7/25/2019 | 1 MINUTE READ

Audi, Aluminum, Environment

Facebook Share Icon LinkedIn Share Icon Twitter Share Icon Share by EMail icon Print Icon

Audi looks to its supply chain to help transform the company to a carbon-neutral manufacturer


Facebook Share Icon LinkedIn Share Icon Twitter Share Icon Share by EMail icon Print Icon

As OEMs transform their propulsion systems to electrification and full electric, many of them are taking the opportunity to implement even more environmental procedures than has been the case.

For example, the Audi e-tron, the brand’s first fully electric vehicle, is being provided with aluminum for its battery housing by materials supplier Hydro that is, according to Audi, “processed and manufactured along the entire process chain in an environmentally friendly manner and under socially acceptable working conditions.”

Audi Brussels

Producing the lithium-ion battery pack for the Audi e-tron


And this isn’t just a claim that sounds good: there is confirmation by the Aluminium Stewardship Initiative (ASI), an organization that tracks the development of the non-ferrous material from the mining of bauxite to the production of the material.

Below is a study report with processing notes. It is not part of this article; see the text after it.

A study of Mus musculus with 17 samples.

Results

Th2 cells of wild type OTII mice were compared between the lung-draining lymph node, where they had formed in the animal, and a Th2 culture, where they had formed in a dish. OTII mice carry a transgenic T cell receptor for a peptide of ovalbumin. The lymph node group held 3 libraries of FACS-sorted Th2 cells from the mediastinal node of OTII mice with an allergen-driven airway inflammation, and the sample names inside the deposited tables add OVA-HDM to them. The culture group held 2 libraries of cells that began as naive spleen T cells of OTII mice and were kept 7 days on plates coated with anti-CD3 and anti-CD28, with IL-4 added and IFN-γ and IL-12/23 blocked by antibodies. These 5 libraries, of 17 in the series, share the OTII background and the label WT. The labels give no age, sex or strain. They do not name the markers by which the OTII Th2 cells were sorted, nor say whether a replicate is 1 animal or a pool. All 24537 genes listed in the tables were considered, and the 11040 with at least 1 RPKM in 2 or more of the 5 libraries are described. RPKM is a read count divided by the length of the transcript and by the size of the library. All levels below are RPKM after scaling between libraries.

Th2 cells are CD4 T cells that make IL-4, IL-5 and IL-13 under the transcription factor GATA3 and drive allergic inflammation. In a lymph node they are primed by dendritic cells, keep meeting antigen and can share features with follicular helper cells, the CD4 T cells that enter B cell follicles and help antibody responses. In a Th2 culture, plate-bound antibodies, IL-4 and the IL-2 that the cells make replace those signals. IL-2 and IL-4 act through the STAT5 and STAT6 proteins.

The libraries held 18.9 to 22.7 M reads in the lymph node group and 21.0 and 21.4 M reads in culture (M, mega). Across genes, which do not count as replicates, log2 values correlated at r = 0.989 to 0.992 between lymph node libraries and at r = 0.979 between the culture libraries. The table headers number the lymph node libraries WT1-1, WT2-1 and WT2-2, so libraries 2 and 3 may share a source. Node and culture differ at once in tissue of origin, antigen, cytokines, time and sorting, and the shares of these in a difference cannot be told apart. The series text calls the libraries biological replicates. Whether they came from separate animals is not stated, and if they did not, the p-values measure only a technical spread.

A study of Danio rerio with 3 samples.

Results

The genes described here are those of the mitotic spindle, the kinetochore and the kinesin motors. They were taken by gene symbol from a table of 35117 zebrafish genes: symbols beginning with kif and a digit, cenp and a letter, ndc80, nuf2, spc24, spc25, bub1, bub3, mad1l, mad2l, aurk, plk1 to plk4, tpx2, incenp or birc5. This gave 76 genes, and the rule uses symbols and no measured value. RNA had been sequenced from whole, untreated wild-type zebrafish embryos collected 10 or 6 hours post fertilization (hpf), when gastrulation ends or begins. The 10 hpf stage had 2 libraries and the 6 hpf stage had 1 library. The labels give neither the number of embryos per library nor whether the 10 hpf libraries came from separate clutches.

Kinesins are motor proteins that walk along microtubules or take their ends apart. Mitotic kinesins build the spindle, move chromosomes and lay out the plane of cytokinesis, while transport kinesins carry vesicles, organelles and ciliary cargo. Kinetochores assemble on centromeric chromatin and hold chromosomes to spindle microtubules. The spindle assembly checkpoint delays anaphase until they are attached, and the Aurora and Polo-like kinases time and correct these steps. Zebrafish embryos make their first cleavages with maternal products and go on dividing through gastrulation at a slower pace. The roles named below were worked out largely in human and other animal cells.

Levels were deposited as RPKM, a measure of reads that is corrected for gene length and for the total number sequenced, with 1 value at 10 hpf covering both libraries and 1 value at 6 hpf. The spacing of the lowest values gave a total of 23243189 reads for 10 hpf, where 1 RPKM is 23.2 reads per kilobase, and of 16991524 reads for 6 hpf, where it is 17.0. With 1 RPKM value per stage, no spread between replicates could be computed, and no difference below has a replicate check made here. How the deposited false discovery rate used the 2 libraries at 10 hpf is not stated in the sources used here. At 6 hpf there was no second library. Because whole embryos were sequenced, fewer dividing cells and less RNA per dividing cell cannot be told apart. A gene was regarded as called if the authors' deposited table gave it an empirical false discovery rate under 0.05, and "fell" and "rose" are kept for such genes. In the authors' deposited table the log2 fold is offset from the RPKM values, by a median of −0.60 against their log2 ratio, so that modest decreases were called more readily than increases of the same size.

From the point of view of a lifecycle assessment, Audi plans to reduce the carbon-dioxide emissions of its vehicles by approximately 30% in 2025 compared to the level in 2015.

What’s more, according to Dr. Bernd Martens, Audi Board of Management member for Procurement and IT, “We want to offer our customers completely CO2-neutral mobility by 2050 at the latest. To do that, we need a sustainable supply chain.”

The e-tron is produced at the Audi plant in Brussels, Belgium, which the company says is a CO2-neutral facility.


  • Cylinder Coating for Improved Performance

    Generally, when OEMs produce aluminum engine blocks (aluminum rather than cast iron because cast iron weighs like cast iron), they insert sleeves into the piston bores—cast iron sleeves.

  • Do Plastic Body Panels Have A Future?

    Remember those Saturn commercials showing shopping carts bouncing harmlessly off of plastic body panels? Good idea, right? But apparently the approach never really caught on. Now the question is: will it ever?

  • Introducing the Ford F-150: Aluminum but a Whole Lot More

    While Ford has reset the stakes in the light-duty pickup market with the aluminum-intensive F-150, that’s not the whole story of what they’ve done to this new generation of America’s best-selling vehicle.